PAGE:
Thursday, November 3, 2016

How not to waste a batch of failed cookies


We all have that fail in baking from time to time. Sometimes it's overdone brownies that no one wants to eat. Or a cake that's way too dry. In our case, this time, the "fail" was intentional, a batch of intentionally "bad" cookies, for a class assignment.

One daughter had an assignment to make 50 "beautiful" things and 50 "ugly" things for one of her classes. She chose to make cookies. For the 50 "ugly" things, she burned some, made them misshapen, and some she sprinkled with black pepper.


This tin of cookies sat in our pantry for almost a month. I was concerned they might mold. To my surprise, no mold, just really hard cookies.


I set out to salvage what I could from them. I used a serrated knife to cut off the tops of each cookie.


Then I crushed them coarsely with a large spoon in a bowl. I added some melted butter, a sprinkling of sugar, and dumped the whole shebang into the bottom of a baking dish. (The sugar and butter are optional. I added then to conceal the off-putting flavor and texture of these cookies.)


After dealing with the cookies, I made a batch of scratch cornstarch pudding, butterscotch-flavored. While that was still hot, I poured it over the cookie crumbs.

After allowing to cool, I put the whole thing into the fridge to chill.

I wasn't going to try any, due to the milk thing, and my bad track record with milk. But my daughter raved about it. So, I had to have some, and then some more. Good thing I took a pill. Yeah, pudding, it's my one weakness.

Honestly, this is one of those homemade desserts that no one could guess was a concealed baking "fail". I've done this with brownies, topped with chocolate pudding, and cake topped with jam and vanilla pudding. I think of this as poor man's trifle.

An aside, about scratch pudding -- do you all have a good recipe for cornstarch pudding? Do you know how to turn plain pudding into butterscotch? For butterscotch pudding, use dark brown sugar in place of white sugar, skip the vanilla extract, and at the end, swirl in 1 tablespoon of butter.

11 comments:

  1. Yum! I'm going to try this with some leftover frozen yolks in my freezer.
    I accidentally purchased skim instead of 1% milk this week. Will mix with evaporated milk for pudding.
    I still remember in grade 7 Home-Ec we compared scratch made pudding v's dry package pudding. Scratch won hands down and I couldn't believe how easy it was to make.

    ReplyDelete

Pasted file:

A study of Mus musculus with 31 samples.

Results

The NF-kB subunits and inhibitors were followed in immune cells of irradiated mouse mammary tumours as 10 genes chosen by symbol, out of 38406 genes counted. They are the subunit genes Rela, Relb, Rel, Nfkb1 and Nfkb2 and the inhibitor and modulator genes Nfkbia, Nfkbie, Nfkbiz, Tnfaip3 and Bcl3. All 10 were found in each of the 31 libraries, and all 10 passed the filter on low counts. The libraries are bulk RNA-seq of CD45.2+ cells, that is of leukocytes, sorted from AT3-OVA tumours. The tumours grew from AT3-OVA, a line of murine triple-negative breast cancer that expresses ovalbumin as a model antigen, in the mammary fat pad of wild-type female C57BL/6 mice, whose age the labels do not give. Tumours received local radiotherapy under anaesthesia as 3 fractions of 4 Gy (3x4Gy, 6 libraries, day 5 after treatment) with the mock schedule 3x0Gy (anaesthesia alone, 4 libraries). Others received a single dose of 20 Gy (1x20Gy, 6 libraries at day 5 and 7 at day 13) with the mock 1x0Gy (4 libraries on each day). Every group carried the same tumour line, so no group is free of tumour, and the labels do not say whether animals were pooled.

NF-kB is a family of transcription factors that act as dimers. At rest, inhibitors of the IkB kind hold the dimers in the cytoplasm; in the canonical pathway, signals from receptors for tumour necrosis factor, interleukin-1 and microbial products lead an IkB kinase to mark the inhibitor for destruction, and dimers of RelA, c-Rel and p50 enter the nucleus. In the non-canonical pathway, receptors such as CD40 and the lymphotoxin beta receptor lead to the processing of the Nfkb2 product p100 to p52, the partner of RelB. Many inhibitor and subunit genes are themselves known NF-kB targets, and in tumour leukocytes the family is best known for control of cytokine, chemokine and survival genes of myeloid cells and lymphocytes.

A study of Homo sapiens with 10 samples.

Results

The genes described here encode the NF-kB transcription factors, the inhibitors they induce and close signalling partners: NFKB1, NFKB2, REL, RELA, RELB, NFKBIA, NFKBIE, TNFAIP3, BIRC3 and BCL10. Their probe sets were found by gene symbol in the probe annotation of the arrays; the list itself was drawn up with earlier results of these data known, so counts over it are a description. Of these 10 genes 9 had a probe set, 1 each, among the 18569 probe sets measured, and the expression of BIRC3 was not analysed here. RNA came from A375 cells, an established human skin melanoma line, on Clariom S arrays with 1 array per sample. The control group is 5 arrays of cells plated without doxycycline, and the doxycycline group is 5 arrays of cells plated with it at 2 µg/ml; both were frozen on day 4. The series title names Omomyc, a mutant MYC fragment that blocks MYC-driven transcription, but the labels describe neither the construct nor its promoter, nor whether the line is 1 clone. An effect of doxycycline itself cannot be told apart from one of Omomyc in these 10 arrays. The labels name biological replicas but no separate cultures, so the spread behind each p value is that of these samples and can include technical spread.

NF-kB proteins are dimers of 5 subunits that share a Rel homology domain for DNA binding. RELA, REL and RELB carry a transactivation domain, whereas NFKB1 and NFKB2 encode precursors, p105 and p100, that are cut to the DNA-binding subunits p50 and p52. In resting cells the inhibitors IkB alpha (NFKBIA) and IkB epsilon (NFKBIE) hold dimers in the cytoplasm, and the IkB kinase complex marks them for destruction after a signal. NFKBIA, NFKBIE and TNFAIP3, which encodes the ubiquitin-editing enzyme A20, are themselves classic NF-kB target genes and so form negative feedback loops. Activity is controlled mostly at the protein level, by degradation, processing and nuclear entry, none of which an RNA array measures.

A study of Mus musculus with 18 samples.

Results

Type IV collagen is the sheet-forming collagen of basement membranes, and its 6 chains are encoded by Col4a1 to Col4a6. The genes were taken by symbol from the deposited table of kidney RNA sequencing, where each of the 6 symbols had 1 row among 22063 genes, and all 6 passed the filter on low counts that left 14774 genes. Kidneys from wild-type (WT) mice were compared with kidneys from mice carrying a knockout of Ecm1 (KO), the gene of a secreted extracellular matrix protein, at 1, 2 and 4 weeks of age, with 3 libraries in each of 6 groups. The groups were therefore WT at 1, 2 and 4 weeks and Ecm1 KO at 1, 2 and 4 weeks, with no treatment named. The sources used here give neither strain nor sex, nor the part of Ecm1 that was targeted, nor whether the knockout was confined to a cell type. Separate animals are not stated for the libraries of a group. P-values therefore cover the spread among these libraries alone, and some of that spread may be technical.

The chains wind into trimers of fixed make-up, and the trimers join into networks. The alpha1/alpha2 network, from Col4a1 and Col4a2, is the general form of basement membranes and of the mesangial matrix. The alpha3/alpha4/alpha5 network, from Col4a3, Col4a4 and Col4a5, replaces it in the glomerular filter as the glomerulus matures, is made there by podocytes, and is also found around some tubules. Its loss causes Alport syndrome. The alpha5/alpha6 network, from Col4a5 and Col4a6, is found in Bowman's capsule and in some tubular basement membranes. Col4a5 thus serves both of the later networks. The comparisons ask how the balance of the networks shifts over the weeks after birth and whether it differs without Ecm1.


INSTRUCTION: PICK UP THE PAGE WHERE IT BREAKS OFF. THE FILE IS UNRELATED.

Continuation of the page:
Replies
    1. Hi Teresa,
      Scratch pudding is so easy to make, and tastes so much better, I think. My mom used to buy the instant pudding that you mix with cold milk and it sets up. That stuff was really awful, not at all creamy, but kind of weirdly grainy. Plus you can adjust the sugar in a scratch batch. My recipe calls for 1/3 cup of sugar for 2 1/4 cups of milk. Sometimes I make it with just 1/4 cup, and we still really enjoy it.

      I hope your day is off to a great start, Teresa!

      Delete
  2. I like both vanilla and chocolate homemade pudding. We use this recipe: http://www.fortheloveofcooking.net/2016/11/homemade-chocolate-pudding.html
    The only thing I don't like is that leftover pudding left in thefridge overnight isn't soft and creamy anymore.

    Alice

    ReplyDelete
    Replies
    1. Hi Alice,
      I use a recipe from one of my mom's old cookbooks. It's referred to as blanc mange. It does set up pretty firm the next day. It's best when it's fresh. But we're still happy to eat it. I have experimented with less cornstarch, and that works pretty well for next day pudding. Also using a richer milk helps, too.

      have a great day, Alice!

      Delete
  3. Yes, Save the Cookies! I've had plenty of baking falls in my time -- what I've always done is dry them out thouroughly in the oven, grind them into chunky crumbs, and add them to my homemade granola (along with the oats, etc) as I'm making it. The crumbs turn out like crunchy Grape Nuts in there ;-)....

    ReplyDelete
    Replies
    1. Hi Patience,
      Granola -- What a great idea for the cookies! I'll have to try that. Thanks!

      Have a great day, Patience!

      Delete
  4. You said she put pepper on the top. Did she alter the basic recipe?

    While I think it's good, I'm not a pudding person so no recipes here.

    ReplyDelete
    Replies
    1. Hi live and learn,
      no, she used the same dough for both halves of the project, so the cookies themselves were fine, luckily!

      Have a great day, live and learn!

      Delete
  5. What a good save. I did not know how to make butterscotch pudding.
    Have a great day.
    Patti

    ReplyDelete
    Replies
    1. Hi Patti,
      butterscotch pudding was my sister's favorite when we were kids. Boxed butterscotch is always kind of orange-y in color. Homemade will be more tan, but same if not better, taste in the scratch.

      I hope you have a great day, too, Patti!

      Delete
  6. Funny you posted this. There was a program on a local tv channel last week that used a "failed" brownie batch--their solution was similar. They pulsed the brownies into crumbs, added butter, baked it like a graham cracker crust, and used as a base for a pie (I don't remember what kind of pie).

    The only pudding I make from scratch is bread pudding. Maybe I need to remedy that. It's not a dessert that comes to mind when I'm thinking of sweet treats.

    ReplyDelete

I'm so glad that you stopped by today. Please comment, and let me know what you're thinking.